Why Vodafone had to play ball with Egypt’s Government

Although I was none-too-impressed by Vodafone’s behaviour in Egypt over the past few days, I would like to make it clear that I absolutely understand it.

Time for some admonishing from an anonymous reader who explains very clearly why Vodafone had no choice but to switch service off:

1: Licence. Vodafone has a licence, a Spectrum Licence. I’ve never seen it so this is just a guess but I’d imagine in that licence was a few bits about “national security” and allowing the government to turn it off and on in the event of an issue like this.. (you can bet your ass the UK licence has similar clauses!) If Vodafone did not comply, what would happen? It might lose the licence and the thousands of employees would lose their jobs.. Then the domino effect of all the other Vodafone Opco countries governments wondering why Vodafone didn’t comply with a legal order to shut down, then perhaps pulling their licence… This would be an end to Vodafone. 50K people out of a job, tens of billions in shares, rendered worthless overnight. Dramatic? Maybe? possible? Who knows!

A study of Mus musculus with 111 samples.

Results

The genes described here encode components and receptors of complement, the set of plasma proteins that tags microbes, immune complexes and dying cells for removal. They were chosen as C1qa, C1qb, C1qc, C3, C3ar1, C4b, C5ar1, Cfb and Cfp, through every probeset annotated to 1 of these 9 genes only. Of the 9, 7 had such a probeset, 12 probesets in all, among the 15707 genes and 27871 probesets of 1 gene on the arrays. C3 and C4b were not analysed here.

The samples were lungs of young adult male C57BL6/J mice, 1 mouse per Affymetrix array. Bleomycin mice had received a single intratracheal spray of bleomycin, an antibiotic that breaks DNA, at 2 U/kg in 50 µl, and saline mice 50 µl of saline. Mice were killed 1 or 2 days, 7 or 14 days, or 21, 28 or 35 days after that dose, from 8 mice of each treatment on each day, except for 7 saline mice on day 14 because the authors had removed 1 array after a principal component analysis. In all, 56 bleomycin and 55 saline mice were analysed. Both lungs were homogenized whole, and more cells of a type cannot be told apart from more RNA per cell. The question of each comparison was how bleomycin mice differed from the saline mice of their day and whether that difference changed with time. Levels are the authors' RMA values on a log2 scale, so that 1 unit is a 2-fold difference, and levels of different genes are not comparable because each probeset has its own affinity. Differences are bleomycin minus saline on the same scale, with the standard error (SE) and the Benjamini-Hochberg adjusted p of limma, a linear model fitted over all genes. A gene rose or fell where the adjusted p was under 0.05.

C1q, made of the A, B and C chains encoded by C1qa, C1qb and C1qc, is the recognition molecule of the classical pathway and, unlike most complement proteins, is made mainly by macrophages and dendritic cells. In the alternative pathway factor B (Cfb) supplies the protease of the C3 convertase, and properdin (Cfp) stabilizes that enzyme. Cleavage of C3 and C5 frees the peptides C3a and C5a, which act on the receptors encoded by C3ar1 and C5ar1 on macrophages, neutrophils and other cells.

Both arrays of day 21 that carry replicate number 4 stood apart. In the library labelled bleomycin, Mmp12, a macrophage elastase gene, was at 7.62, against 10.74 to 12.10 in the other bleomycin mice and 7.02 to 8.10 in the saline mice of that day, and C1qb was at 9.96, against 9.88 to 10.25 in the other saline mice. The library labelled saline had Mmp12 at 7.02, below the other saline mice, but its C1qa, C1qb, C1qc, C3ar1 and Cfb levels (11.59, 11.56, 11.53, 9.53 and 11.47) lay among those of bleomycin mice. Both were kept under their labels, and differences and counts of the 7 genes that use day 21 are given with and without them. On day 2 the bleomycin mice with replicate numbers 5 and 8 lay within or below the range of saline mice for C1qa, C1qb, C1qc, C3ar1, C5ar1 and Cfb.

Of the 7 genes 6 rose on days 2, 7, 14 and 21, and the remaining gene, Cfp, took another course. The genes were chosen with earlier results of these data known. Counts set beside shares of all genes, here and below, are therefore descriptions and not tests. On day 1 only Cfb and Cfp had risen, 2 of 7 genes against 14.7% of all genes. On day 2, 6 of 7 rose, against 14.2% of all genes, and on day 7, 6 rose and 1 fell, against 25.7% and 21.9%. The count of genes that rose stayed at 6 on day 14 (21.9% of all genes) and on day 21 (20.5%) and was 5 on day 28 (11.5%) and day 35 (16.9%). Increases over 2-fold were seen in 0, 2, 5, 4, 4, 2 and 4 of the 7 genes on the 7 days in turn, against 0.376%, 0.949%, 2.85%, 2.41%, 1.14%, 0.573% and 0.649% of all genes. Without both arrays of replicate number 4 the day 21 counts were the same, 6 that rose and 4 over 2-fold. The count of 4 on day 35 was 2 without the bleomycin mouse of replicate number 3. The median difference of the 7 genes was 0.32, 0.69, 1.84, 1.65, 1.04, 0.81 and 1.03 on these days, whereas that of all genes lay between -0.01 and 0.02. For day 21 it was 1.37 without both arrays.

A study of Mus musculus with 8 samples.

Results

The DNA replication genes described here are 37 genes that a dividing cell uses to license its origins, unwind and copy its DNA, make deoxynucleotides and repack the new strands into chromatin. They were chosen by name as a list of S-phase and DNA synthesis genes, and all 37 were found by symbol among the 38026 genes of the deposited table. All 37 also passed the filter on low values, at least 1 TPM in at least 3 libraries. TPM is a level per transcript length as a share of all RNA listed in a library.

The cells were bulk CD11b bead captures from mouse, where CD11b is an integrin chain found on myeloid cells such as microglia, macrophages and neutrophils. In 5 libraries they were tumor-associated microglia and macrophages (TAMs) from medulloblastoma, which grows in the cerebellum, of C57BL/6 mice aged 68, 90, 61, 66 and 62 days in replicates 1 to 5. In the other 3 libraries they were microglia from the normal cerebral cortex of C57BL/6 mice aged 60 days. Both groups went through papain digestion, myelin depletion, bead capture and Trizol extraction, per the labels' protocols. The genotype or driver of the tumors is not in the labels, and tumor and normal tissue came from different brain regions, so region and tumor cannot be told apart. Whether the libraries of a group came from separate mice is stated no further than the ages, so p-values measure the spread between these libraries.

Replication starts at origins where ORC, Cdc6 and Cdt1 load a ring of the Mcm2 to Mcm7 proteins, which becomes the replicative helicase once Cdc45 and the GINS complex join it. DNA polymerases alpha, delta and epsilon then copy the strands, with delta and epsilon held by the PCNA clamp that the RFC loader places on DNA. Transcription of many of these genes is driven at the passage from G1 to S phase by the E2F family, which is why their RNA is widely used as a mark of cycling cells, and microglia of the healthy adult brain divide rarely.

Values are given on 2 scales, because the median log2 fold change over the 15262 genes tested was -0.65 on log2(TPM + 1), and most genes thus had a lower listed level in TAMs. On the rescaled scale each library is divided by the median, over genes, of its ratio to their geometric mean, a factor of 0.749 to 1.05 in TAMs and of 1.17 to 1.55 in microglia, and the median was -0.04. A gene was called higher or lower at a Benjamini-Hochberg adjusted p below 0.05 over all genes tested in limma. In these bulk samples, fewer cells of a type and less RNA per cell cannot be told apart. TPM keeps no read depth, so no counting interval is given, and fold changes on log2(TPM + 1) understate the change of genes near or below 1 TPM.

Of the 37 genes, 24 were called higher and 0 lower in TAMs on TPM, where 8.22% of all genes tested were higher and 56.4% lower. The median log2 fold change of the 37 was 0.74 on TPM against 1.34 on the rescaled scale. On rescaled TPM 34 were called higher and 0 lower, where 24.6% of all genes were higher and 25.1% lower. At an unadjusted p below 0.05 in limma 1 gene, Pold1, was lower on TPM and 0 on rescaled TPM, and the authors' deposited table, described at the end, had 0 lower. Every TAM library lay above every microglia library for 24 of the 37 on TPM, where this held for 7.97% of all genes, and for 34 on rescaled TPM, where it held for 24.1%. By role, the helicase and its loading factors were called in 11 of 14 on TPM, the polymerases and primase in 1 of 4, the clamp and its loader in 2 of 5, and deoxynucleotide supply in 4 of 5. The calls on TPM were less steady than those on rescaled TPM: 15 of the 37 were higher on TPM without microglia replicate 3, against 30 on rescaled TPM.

2: Capacity. Vodafone provides the radio but doesn’t own fibre into or within Egypt. Who do you think they  buy it from? That’s right. The BT equivalent out there, owned by the Egyptian state.. So if we didn’t comply, they’d just kill our backhaul.. Which, let me tell you, would take MUCH longer to bring back up..

Agreed. You make excellent points. I do get this! I did end my article(s) agreeing that Vodafone had no choice. It’s just a shock, I think.

Still it looks like service should be back on in a few days either way, right?

By Ewan

Ewan is Founder and Editor of Mobile Industry Review. He writes about a wide variety of industry issues and is usually active on Twitter most days. You can read more about him or reach him with these details.